There’s plenty of news on Iraq today. First, major attacks have declined in Iraq, apparently as a consequence of the surge:
The number of truck bombs and other large al-Qaeda-style attacks in Iraq have declined nearly 50% since the United States started increasing troop levels in Iraq about six months ago, according to the U.S. military command in Iraq.
The high-profile attacks — generally large bombs hitting markets, mosques or other “soft” targets that produce mass casualties — have dropped to about 70 in July from a high during the past year of about 130 in March, according to the Multi-National Force — Iraq.
Let me state the reverse of that coin: increased troop levels and a more involved approach to operations means that we’re taking more casualties. The Iraqi government has taken the opportunity of the space being given to them by the increased security to go on vacation.
The New York Times has arrived at the stunning conclusion that reducing our troop levels in Iraq might be worse than leaving them there:
As Americans argue about how to bring the troops home from Iraq, British forces are already partway out the door. Four years ago, there were some 30,000 British ground troops in southern Iraq. By the end of this summer, there will be 5,000. None will be based in urban areas. Those who remain will instead be quartered at an airbase outside Basra. Rather than trying to calm Iraq’s civil war, their main mission will be training Iraqis to take over security responsibilities, while doing limited counterinsurgency operations.
That closely follows the script some Americans now advocate for American forces in Iraq: reduce the numbers — and urban exposure — but still maintain a significant presence for the next several years. It’s a tempting formula, reaping domestic political credit for withdrawal without acknowledging that the mission has failed.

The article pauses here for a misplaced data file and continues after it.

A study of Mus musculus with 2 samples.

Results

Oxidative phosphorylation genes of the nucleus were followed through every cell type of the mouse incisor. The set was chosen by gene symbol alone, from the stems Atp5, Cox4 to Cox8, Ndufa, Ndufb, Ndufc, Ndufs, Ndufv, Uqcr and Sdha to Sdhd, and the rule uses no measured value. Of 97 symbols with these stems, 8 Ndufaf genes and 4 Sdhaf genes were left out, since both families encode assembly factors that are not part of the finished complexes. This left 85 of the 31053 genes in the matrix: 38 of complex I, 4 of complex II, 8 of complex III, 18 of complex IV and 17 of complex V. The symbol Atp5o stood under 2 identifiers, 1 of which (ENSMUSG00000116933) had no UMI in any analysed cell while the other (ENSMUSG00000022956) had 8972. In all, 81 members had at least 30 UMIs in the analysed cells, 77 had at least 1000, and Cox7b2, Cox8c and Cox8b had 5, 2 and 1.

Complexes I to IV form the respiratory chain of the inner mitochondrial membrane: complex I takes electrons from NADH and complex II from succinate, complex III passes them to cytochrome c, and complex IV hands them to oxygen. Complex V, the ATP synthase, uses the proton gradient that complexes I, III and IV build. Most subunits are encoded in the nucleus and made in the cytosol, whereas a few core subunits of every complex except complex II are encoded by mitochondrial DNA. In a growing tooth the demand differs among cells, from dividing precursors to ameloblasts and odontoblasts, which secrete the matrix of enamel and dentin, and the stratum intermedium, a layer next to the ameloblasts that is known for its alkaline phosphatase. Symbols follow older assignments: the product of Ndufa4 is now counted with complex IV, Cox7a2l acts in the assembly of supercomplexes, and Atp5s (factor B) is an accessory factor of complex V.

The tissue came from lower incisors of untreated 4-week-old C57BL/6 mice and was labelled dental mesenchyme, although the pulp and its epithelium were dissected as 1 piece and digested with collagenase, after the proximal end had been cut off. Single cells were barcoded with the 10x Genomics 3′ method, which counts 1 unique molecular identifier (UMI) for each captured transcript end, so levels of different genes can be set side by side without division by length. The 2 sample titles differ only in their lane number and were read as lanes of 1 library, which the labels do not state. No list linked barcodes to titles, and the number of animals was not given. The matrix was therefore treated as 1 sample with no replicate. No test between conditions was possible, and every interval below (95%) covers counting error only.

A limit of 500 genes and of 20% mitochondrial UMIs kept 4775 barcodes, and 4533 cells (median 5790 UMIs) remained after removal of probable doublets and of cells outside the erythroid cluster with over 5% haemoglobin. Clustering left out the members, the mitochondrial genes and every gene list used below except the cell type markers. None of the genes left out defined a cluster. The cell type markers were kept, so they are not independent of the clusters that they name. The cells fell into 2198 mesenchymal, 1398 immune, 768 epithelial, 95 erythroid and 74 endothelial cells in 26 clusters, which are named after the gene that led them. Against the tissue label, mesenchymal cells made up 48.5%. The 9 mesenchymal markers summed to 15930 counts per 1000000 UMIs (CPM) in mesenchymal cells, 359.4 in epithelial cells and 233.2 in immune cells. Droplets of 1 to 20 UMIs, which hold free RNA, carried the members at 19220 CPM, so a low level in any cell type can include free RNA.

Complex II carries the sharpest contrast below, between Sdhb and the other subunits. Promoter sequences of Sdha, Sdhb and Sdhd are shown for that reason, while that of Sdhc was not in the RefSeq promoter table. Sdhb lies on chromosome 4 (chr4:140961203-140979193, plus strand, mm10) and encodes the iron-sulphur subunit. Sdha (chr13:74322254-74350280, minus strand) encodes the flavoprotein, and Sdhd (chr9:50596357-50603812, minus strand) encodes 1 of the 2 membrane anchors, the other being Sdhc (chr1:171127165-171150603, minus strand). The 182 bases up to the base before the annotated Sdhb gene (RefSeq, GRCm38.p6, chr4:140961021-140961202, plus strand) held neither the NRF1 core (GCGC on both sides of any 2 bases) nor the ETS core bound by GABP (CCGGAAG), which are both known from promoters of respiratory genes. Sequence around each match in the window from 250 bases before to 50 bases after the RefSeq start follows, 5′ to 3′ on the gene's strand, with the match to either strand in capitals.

If anyone outside the White House truly believes this can work — that the United States can simply stay in Iraq in reduced numbers, while ignoring the civil war and expecting Iraqi forces to impose order— the British experience demonstrates otherwise. There simply aren’t reliable, effective and impartial Iraqi forces ready to keep the cities safe, nor are they likely to exist any time soon. And insurgents are not going to stop attacking Americans just because the Americans announce that they’re out of the fight.
Perhaps I missed it but I haven’t heard any White House representatives urging that course of action although I’ve heard plenty in the Congress making the argument not to mention the first-tier Democratic presidential aspirants.
Don’t miss this interview by Charlie Rose with Col. Gary Anderson on wargaming withdrawal from Iraq:
Hat tip: SWJ Blog.
The quick summary is that following a U. S. withdrawal from Iraq the Shi’ites will move to ethnically cleanse Sunni Arabs from everywhere in Iraq other than Anbar province, then they’ll probably start fighting amongst themselves. Iran will, no doubt, involve itself in the fracas. The Sunnis in Anbar will probably get assistance from the Saudis in rooting out al-Qaeda there. The Kurds will hope like hell that enough of an Iraq remains intact to discourage the Turks from crushing them. Cheery.
As I see it when taken together these news stories mean something like this. We can continue to make progress in stabilizing Iraq as long as we’re willing to take casualties in doing so. The Iraq government isn’t helping a great deal and the Iraqi police and military are coming along very slowly. Withdrawing slowly is an awful solution. And withdrawing completely is even worse—it creates a Lebanon-like situation. If there were better choices, I believe we’d already have taken one of them.
I believe I’ve identified one of the participants in the wargame exercise described above.